The Nation on Grit TV is a weekly collaboration between The Nation and Grit TV. Each week Nation contributors join host Laura Flanders in studio to expand on the reporting and analysis found in The Nation magazine.
When the UK government passed legislation that may effectively triple the cost of higher education in the UK last week, "It felt like the relationship between state and citizen had totally broken down, like there was no order left."
According to 350.org founder Bill McKibben, the biggest stumbling block in the path of the climate justice movement lies right under our noses: our own Congress.
The countries in attendance at the climate summit held by the United Nations in Cancun this week aren't talking about future consequences of global climate change; they're discussing the crises they're suffering right now.
The Democrats were trying to get the focus back on the parts of their agenda that could actually get through the lame duck Senate this week—that is, until the latest WikiLeaks documents got out. Now the media's focus has shifted, but that doesn't make the economic situation any less dire.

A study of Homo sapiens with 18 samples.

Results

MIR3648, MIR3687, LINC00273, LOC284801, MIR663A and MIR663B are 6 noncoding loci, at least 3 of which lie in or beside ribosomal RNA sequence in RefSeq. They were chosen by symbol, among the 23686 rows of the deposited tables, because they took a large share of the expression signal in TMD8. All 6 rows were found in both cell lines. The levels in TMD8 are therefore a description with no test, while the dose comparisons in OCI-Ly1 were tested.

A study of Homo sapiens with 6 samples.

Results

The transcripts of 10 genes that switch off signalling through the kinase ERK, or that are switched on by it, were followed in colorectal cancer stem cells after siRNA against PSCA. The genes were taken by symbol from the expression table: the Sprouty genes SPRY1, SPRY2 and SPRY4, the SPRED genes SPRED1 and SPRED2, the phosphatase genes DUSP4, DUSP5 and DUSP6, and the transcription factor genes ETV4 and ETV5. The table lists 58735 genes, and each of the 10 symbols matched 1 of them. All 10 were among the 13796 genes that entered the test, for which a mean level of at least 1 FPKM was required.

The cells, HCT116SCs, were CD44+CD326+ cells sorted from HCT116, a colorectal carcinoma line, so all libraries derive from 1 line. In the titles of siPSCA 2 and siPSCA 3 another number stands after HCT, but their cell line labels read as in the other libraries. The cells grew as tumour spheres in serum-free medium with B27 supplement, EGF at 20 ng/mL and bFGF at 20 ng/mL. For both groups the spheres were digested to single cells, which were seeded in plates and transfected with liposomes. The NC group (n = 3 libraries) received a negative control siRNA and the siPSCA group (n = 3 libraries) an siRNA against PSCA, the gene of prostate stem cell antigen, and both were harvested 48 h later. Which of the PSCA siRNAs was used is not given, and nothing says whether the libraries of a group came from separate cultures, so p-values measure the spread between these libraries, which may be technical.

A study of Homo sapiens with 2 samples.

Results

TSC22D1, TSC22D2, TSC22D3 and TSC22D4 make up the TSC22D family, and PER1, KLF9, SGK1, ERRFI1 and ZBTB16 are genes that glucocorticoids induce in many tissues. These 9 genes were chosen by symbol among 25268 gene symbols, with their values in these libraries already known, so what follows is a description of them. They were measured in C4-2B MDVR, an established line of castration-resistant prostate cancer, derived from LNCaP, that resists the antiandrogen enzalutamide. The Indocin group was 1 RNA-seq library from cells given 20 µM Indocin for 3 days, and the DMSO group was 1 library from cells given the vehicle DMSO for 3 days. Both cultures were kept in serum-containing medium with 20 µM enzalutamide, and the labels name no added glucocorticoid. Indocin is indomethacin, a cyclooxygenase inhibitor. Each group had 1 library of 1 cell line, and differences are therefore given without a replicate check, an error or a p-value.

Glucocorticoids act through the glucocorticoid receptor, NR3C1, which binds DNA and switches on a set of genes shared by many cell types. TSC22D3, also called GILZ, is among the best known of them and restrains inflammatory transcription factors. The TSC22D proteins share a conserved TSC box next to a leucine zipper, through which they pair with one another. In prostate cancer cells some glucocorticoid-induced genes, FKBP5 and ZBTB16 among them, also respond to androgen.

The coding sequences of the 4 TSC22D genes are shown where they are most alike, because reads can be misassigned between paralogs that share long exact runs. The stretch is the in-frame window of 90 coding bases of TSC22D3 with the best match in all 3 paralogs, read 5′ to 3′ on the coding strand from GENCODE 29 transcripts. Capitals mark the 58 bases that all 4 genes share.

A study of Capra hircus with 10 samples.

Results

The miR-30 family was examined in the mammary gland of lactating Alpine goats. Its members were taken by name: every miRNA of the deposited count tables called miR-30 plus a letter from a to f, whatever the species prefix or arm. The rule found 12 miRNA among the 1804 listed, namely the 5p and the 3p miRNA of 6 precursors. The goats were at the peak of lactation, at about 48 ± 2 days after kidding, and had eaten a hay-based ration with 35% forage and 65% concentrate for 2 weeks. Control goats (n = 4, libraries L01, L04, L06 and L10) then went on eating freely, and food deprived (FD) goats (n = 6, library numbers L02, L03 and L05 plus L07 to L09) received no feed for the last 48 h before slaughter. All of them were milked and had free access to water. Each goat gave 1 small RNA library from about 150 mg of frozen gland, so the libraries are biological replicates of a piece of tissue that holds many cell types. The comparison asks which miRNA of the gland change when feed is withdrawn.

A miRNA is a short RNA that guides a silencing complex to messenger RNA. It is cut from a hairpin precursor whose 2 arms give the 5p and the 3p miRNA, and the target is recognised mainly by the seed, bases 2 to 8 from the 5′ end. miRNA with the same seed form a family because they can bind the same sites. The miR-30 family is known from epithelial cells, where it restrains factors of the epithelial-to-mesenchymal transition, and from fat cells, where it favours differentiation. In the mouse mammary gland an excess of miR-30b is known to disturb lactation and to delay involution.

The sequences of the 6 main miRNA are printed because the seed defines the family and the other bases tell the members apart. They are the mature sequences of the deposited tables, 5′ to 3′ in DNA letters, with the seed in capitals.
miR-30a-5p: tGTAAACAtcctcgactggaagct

After two avoidable deaths and an accusation of sexual assault by a Notre Dame player, it’s past time that the storied football squad had its program suspended.
The retired United States Army Colonel and former State Department official explains the latest releases from WikiLeaks, what they tell us about the Defense and State departments and what should happen—but probably won't—to the people who have been breaking international laws.
This past week brought us two losses that will be felt throughout The Nation and GRITtv families.
The former Haitian president discusses his country, his exile and possible return and why his party, still popular in Haiti, isn't allowed to participate in the upcoming election.
The award winning filmmaker and reporter recounts his conversation with exiled former Haitian president Jean-Bertrand Aristide and explains the state of Haitian politics today.
Faced with the cynical coverage of the mainstream media, what can ordinary Americans do to work toward an alternative that more accurately reflects the problems facing our country today?